Smart Classroom Management

smartclassroommanagement.com · Aug 16, 2014

How To Teach Classroom Management On The First Day Of School

Although classroom management will make up only part of your first day of school, doing it right is essential.

Because it sets the boundaries within which inspired teaching can take place.

It establishes an impenetrable wall, safeguarding your students from distraction, interruption, bullying, disrespect, and the like.

To be most effective, you mustn’t ease your way into it. You mustn’t tiptoe your way around it or add it as an unpleasant aside.

No, you must set your feet, narrow your eyes, and teach classroom management in a way your students won’t soon forget.

Here’s how:

Make a commitment.

Before your students arrive, make an ironclad commitment to yourself to abide by the guidelines set forth in your classroom management plan. This will give your instruction a level of conviction your students need to see in order to trust you and buy into your plan.

Start early.

The earlier in the day you can begin your classroom management lesson the more it will communicate its importance. This doesn’t mean, however, that you must start immediately. Within the first hour is a good rule of thumb.

Make a promise, part 1.

To begin your lesson, make a promise to your students that you will uphold your classroom management plan every minute of every day, no exceptions. Go on record. Lay your reputation on the line. Express your commitment to them and to protecting their education.

Make a promise, part 2.

Now promise your students that you will always treat them with respect. Promise that you will never yell, scold, or humiliate them in any way. This public declaration will instantly put them in your corner, eager to support your plan.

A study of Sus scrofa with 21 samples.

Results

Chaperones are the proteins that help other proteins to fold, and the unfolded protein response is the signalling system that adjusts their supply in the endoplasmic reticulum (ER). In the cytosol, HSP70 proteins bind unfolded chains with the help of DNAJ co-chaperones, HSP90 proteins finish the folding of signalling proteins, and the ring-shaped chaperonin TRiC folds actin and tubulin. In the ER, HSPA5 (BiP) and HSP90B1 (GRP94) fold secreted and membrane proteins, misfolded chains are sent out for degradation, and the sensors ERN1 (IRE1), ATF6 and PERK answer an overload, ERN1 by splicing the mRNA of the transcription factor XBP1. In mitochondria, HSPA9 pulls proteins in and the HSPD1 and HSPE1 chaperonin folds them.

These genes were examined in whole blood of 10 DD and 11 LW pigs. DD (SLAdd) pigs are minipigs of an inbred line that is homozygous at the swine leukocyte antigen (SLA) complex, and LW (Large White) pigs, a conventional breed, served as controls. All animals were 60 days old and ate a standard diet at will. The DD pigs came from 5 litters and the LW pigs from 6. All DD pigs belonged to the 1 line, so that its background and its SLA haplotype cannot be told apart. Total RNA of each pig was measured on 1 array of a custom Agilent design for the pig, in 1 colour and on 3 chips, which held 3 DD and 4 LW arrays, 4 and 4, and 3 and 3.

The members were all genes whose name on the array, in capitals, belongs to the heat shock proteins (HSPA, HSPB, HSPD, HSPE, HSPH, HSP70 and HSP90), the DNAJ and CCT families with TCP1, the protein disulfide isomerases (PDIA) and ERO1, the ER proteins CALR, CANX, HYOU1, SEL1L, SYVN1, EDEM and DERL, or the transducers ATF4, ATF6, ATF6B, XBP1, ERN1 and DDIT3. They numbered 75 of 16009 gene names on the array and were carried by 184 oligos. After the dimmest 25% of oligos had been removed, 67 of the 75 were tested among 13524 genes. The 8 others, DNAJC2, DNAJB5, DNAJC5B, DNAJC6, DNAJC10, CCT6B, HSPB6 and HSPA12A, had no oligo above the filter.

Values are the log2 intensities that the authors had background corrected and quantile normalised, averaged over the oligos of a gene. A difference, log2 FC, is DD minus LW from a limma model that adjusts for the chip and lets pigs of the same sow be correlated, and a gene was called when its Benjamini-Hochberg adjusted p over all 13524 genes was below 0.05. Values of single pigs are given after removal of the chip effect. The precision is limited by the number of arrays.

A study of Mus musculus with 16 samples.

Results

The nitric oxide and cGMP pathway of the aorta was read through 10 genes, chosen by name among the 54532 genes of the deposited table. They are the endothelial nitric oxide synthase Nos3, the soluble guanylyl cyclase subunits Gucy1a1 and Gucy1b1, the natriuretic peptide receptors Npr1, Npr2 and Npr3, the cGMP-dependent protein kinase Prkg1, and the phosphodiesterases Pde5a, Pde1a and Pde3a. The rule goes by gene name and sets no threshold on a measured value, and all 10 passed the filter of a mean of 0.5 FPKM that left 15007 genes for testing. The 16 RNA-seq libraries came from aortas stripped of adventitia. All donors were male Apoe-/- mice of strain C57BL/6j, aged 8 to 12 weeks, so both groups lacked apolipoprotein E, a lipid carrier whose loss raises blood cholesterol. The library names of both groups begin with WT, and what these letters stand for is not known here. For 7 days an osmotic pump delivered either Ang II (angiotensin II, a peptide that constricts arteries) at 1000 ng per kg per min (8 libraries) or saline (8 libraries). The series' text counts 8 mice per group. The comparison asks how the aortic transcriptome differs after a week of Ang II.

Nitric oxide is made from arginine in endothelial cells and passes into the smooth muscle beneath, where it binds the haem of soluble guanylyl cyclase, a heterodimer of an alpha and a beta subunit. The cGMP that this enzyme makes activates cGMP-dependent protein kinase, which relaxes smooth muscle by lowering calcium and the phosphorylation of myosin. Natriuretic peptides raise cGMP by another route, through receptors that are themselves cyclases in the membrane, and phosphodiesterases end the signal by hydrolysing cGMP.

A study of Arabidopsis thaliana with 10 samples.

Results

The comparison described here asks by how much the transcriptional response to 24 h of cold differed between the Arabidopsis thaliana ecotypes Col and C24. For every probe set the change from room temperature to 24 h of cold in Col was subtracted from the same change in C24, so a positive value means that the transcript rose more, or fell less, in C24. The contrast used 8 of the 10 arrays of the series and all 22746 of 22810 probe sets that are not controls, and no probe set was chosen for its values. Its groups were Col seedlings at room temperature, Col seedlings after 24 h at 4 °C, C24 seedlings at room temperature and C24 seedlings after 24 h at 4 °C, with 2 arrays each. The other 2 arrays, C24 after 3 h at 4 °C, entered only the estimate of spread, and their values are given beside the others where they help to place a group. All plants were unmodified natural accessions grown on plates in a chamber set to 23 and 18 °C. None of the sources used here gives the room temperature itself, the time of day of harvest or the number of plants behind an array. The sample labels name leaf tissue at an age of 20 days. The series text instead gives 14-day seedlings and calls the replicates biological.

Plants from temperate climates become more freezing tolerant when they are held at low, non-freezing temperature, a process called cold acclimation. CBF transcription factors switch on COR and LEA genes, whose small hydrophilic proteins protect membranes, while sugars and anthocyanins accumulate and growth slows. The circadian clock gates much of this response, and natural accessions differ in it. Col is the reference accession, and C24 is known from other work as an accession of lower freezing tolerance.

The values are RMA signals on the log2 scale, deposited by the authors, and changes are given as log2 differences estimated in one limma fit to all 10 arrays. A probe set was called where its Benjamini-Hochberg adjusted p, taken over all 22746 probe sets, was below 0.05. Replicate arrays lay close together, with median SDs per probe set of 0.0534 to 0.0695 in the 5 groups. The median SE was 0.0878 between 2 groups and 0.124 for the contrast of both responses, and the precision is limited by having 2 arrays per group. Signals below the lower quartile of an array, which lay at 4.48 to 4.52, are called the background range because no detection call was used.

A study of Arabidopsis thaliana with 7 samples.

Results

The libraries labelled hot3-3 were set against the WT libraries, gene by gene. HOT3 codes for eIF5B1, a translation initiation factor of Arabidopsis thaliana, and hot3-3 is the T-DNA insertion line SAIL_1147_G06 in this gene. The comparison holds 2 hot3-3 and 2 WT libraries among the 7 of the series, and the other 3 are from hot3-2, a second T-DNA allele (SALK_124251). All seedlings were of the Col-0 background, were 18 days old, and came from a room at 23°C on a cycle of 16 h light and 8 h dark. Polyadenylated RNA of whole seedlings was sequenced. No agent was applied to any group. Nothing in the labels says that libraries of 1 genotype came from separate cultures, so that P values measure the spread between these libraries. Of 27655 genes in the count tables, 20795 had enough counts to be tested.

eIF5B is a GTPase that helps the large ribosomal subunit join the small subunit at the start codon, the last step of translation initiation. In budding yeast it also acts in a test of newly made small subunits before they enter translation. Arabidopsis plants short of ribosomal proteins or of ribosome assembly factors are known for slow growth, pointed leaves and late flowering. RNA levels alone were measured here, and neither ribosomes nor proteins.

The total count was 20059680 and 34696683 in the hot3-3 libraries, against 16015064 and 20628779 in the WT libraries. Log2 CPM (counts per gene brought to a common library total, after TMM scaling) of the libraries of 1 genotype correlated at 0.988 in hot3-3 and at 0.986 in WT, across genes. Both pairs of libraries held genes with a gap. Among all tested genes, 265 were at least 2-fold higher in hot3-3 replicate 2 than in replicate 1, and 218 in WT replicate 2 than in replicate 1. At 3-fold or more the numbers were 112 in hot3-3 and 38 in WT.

Communicate its purpose.

Many teachers present rules and consequences as if they were bad news. The truth, however, is the exact opposite. Your classroom management plan is the very thing that ensures your students’ freedom to learn and enjoy school without interference. It must be presented as such.

Teach with gusto.

If you don’t feel a surge of energy as you begin your lesson, then you’re not ready to teach classroom management. Managing behavior effectively means everything to your success. Thus, you must convey its sacred importance with passion.

Refer to a visual.

Your rules and consequences should be posted prominently, not hidden behind a door or banished to a far corner. Write them poster-size in your own script and place them high upon the front wall of your classroom.

Give an impassioned review.

To introduce your classroom management plan, provide an impassioned, full-picture review of your rules and consequences. Although you’ll do no modeling at this point, your words must be delivered with boldness, conviction, and zeal.

Show the progression.

Provide an example of a misbehaving student progressing from an initial warning to the return of a signed letter. In other words, let your students eyewitness exactly, and in a highly detailed way, what will happen if they break your class rules.

Model in their shoes.

The lesson is most effective if you pretend to be the misbehaving student. Sit at one of their desks and call out without raising your hand, side-talk with a classmate, or engage in any other common misbehavior. You can even have a student play the part of the teacher.

Leave no stone unturned.

The idea behind teaching classroom management so thoroughly right out of the gate is to remove any and all excuses for poor behavior before they gain a toehold and become part of the culture of your classroom.

Encourage questions.

When you finish your lesson be sure and give your students a chance to ask questions. No part of your plan should be secret. No part should be unclear, nuanced, or difficult to defend. Openness and transparency are strengths your students will respect and find comfort in.

Freedom

Most students are used to a haphazard form of classroom management. They’re used to uncertainty and ambiguity. They’re used to inconsistency and shifting definitions of what is and isn’t acceptable behavior.

They’re used to teachers who say one thing and do another, and accountability based on moods, whims, and angry confrontations.

Your job on the first day of school is to set the record straight.

It’s to show your students precisely where your boundary lines are, what they look like, and what will happen if they cross them. No surprises. No misunderstandings. No broken promises.

Just comfort in knowing that they’re free to learn and love school.